On Friday June 5, Gallup and The Clifton Foundation (founded by the family of former Gallup chairman Donald O. Clifton) announced a $30 million gift to the University of Nebraska-Lincoln to establish the Don Clifton Strengths Institute. The money will help to build a "Strengths Lab" at the school, slated to open in 2017.
If you're a believer in employee engagement, then you're likely familiar with Gallup, an organization which has made a specialty of it. One of Gallup's chief tenets has been its cultivation of strength-based cultures. Gallup's online assessment tool, the Clifton StrengthsFinder, helps organizations determine where their employees strengths lie.
In building the Strengths Lab at the University of Nebraska-Lincoln's College of Business Administration, Gallup and the Clifton Foundation hope to "establish a department where students from all colleges within the University of Nebraska system can come and learn strengths-based sciences as part of their own leadership development," noted Jim Clifton, Donald's son and the chairman and CEO of Gallup, in a LinkedIn Post about the gift. The aim is "to create for unusually gifted business builders what The Juilliard School is for gifted musicians and performers. The institute will find and develop entrepreneurs, startup types, rainmakers and extraordinarily talented salespeople and leaders."
On many levels, building the Strengths Lab at the University of Nebraska-Lincoln's College of Business Administration makes perfect sense. For one thing, Gallup is based in Nebraska. For another, the school is both Donald Clifton's alma mater and the birthplace of his strength-based research. All told, he spent 25 years at the school, first as a student, then as an instructor and researcher.
You could argue, though, that the choice is not without risk. After all, this is an era in which startups of all stripes are challenging and disrupting traditional education--and the MBA in particular.
In a book released a few months ago, "The End of College: Creating the Future of Learning and the University of Everywhere," author Kevin Carey distills a brave new world in which a myriad of lower-cost solutions--most in their infancy--threaten to upend the four-year, high-tuition business model by which colleges and universities have traditionally thrived.
Explore the various startups profiled in Carey's book, and you'll come away convinced that any long-term investment in a traditional university--as a student or a donor--is far from a sure thing. For example, The Minerva Project offers a world-class undergrad education for $10,000 a year, using online teaching methods and not wasting money on sports or buildings. Minerva's first undergrads--a class of 70 selected from 2,500 applicants--enrolled last September.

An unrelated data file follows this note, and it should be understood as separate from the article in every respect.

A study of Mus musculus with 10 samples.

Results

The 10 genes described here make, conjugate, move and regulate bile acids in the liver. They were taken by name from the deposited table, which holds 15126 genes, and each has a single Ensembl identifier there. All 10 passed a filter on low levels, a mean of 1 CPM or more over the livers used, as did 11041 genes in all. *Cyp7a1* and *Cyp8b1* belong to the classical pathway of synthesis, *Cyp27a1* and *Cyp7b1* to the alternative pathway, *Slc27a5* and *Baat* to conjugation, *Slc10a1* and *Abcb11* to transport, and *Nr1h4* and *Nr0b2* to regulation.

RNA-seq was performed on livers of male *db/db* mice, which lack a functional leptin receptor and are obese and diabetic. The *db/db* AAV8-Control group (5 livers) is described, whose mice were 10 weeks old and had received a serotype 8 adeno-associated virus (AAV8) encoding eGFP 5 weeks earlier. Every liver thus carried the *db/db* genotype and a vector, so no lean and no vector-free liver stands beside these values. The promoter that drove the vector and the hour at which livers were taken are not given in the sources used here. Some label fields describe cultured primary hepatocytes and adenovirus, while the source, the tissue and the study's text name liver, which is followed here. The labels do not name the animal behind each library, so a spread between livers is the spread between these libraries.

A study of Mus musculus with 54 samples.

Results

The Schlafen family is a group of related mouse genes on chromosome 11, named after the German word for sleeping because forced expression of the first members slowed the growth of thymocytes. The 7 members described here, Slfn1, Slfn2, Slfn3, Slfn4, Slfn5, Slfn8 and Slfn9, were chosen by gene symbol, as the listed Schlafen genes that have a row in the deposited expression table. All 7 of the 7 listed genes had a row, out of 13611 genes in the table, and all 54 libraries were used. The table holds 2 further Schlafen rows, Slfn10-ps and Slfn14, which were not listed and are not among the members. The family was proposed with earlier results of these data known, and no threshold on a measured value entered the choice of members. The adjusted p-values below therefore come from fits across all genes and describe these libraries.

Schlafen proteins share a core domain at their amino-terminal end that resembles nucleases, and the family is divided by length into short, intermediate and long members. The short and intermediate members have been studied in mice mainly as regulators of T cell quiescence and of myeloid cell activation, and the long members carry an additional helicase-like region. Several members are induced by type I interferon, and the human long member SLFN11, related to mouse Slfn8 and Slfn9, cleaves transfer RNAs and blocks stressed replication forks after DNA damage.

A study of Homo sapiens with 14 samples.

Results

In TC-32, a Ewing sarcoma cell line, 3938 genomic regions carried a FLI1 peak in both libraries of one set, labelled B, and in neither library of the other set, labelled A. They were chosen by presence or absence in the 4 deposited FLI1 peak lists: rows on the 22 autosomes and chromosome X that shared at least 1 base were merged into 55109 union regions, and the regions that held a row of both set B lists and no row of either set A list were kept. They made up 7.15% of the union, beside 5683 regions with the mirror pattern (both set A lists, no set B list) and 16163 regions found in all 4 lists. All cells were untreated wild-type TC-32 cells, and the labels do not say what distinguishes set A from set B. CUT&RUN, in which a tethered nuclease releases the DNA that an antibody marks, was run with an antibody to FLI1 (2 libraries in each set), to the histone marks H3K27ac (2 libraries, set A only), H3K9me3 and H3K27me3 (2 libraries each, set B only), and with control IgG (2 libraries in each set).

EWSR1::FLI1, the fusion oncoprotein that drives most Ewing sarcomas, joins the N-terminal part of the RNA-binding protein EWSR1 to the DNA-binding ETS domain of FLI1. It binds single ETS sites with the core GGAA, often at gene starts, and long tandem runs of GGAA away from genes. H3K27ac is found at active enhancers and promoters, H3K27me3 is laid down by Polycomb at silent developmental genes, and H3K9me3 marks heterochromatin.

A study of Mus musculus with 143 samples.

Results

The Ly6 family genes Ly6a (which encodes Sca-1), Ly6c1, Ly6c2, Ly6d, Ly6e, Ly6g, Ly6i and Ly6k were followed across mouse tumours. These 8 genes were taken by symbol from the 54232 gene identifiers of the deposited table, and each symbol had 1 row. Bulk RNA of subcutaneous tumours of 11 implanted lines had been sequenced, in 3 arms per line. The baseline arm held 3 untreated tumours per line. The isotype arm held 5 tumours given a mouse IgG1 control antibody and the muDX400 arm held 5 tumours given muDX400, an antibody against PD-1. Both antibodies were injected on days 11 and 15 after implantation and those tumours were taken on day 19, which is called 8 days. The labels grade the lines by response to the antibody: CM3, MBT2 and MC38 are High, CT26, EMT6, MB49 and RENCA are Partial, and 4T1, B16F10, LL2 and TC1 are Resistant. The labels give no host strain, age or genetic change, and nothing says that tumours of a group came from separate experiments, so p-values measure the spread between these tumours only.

There are also startups such as Udacity, founded by Stanford computer science professor Sebastian Thrun. Udacity creates online classes through which companies can train employees. AT&T, for example, paid Udacity $3 million to develop a series of courses, according to The Wall Street Journal. Other corporate partners include Google, Facebook, and Salesforce.
Of course, for some of the higher-ed startups, partnerships with traditional schools are essential to the business model. For instance, Coursera offers "free online courses from top universities." Indeed, Coursera's partners include universities worldwide, among them the University of Nebraska. In 2013-14, more than 21,000 University of Nebraska students--roughly 40 percent of the student body--took at least one course online, a 27 percent increase over the previous year.
For Gallup and The Clifton Foundation, one appeal of making a large investment in a traditional school is the natural community of a campus setting--a fertile starting ground for the many entrepreneurial endeavors they believe the Strengths Lab will help to spawn. "Although disruption is taking place, brick and mortar campuses currently are still an important part of the learning experience and traditional campuses are excellent 'labs' for states across the USA to discover and foster future entrepreneurs and leaders," Jim Clifton told Inc.
In addition, the University of Nebraska happens to be a leader in online and distance learning when it comes to educational administration programs. Its educational administration programs ranked fifth in US News & World Report's 2015 Best Online Education Programs rankings. In the years to come, its students will become well-versed in strengths-based sciences, learning them in the way that a pioneer in the field, Donald O. Clifton, would surely be proud of.